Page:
22/10/2007 | by admin
Wahoo International Opens The Door To A ‘Greener’ Way Of Building Surfboards, Offering Styrofoam-Safe, Environmentally-Friendly Laminating Resin
Wahoo International, a leading manufacturer of polyester surfboard resins using ultraviolet (UV) technology and creator of surfer-favorite, Solarez Ding Repair Putty, announced this week that its popular Solarez product is now also available to manufacturers of Styrofoam boards to assist with the surfboard production process.
This new, zero-VOC method, says Gary Fisher, founder of Wahoo International, can now be used on Styrofoam blanks. It is also safer to the laminator, or production workers, because it has no amine-based hardeners that can cause allergic responses. All of the benefits of polyester UV curing accompany this product, including indefinite pot-life, super-fast curing, denser crosslinking, non temperature-dependence and reusability of uncured “waste” resin.
Fisher notes the irony of a sport priding itself on proactive environmentalism being unwilling or indifferent to a technology proven to reduce air pollution and waste in the glassing room. As far back as 1993, he sought the endorsement of UV technology from the Surfrider Foundation, surfing’s foremost environmental group. He was told tersely by a Surfrider official that the organization “did not endorse chemicals.” Ironically, Surfrider had just endorsed a beer company for manufacturing plastic break-away snap rings to protect marine life, while sidestepping the issue of air pollution caused by the manufacturing of millions of surfboards worldwide.
Not only have they have developed a non-yellowing, strong, fast and efficient way of making boards, but this technology also helps to reduce air pollution and health hazards, making it environmentally-safe. It’s also a huge timesaver, helping keep industry workers safe and healthy and it ships “non-hazardous”.
While Solarez has long been an industry standard for field repairs and touch-ups in the glassing room, its use in surfboard production as a faster, cleaner, more durable and less expensive alternative to the more polluting and traditional method of applying catalysts or hardeners once received some skepticism from the surfing industry.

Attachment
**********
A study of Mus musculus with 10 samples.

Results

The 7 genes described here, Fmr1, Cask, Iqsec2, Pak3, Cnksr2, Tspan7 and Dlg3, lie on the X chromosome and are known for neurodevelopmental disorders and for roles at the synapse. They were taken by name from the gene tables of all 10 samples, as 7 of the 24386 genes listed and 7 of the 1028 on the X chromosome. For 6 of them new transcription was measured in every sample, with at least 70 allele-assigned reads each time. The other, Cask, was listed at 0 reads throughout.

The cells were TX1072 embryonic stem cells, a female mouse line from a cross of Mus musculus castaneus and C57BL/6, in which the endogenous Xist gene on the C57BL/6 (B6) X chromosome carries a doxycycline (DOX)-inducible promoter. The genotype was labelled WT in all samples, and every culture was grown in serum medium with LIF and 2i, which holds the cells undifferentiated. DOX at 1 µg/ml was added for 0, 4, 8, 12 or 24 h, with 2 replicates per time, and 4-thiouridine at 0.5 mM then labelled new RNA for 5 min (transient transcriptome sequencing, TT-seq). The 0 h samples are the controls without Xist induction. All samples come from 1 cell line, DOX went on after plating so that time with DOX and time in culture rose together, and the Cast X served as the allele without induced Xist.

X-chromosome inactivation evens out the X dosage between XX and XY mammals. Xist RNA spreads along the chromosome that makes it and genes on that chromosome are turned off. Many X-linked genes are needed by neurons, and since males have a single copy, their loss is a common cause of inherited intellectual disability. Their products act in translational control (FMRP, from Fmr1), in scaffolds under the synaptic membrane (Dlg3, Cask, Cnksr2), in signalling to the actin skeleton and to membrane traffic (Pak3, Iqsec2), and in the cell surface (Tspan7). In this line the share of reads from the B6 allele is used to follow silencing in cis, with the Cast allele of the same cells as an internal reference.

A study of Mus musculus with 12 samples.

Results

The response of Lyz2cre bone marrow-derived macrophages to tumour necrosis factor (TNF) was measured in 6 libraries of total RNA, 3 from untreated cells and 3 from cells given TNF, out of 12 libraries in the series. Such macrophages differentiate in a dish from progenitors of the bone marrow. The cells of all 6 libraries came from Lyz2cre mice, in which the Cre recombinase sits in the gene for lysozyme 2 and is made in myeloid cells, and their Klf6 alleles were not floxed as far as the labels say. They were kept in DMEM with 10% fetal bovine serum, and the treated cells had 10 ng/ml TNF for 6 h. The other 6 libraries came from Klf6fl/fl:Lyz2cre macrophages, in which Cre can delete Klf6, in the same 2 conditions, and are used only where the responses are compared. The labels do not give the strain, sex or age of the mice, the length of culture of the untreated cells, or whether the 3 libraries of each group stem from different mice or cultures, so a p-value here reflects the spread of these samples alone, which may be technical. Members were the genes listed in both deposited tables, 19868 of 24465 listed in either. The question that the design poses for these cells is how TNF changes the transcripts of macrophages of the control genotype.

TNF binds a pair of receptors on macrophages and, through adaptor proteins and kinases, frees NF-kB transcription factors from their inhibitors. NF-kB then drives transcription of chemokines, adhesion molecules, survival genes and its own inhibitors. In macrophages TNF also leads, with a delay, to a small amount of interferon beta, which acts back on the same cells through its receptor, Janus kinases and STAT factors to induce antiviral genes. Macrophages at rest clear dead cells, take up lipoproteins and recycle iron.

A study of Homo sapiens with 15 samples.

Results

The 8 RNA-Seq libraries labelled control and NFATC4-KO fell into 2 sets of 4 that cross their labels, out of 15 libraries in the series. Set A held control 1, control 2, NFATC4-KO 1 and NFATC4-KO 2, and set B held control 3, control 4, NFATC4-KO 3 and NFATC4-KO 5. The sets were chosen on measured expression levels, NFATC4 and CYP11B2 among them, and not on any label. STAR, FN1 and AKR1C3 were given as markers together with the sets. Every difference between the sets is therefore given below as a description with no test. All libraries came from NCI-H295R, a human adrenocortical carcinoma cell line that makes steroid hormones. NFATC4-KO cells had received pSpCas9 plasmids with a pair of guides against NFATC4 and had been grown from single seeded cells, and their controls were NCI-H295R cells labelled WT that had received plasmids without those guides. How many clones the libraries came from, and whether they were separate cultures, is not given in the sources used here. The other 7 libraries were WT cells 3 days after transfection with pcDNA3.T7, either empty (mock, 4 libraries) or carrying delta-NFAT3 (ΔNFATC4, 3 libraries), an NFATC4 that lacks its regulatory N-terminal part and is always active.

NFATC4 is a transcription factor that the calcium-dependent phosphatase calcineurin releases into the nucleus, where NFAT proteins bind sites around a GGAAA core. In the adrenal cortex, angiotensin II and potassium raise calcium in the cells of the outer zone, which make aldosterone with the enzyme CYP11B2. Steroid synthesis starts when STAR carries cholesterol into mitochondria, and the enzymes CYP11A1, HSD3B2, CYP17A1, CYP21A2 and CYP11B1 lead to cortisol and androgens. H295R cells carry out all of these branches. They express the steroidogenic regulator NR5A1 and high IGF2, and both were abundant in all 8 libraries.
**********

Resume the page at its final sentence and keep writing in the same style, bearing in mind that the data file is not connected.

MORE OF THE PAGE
“The method of glassing polyester surfboards hadn’t changed significantly in 40 years,” says Fisher. “They were basically using the same foam, glass, resin and catalyst. With the increasing use of Styrofoam blanks, Glassers are now scratching for innovative methods to increasing production. I’ve seen guys use anything from Spackle to Wilbur’s glue in order to compatibilize Styro blanks. They also modify conventional epoxy resins to increase sanding ability or cure rates but they can’t escape some of epoxy’s inherent shortcomings; susceptibility to humidity in its liquid state, awkward gel transition and yellowing with age. UV technology is the new industry standard for protective coatings on everything from CDs to cars and camera lenses so why not Styrofoam-surfboards?”
UV resins, like Solarez offer two distinct advantages. First, the quick set-up time greatly reduces the amount of air-polluting fumes, or volatile organic compounds (VOCs) created in the glassing room. Second, they speed up the curing process and decrease surfboard production time.
With Stryo-safe Solarez you can prep a badly pitted blank so it is sealed and ready to be laminated in 3 minutes. At this point, you can laminate with your favorite polyester (yes, it’s compatible) or epoxy, or you could continue glassing with Solarez and be done in another 15 minutes.
For more information on UV curing, or for details on purchasing Solarez, call (760) 967-7873 or visit Wahoo International’s website.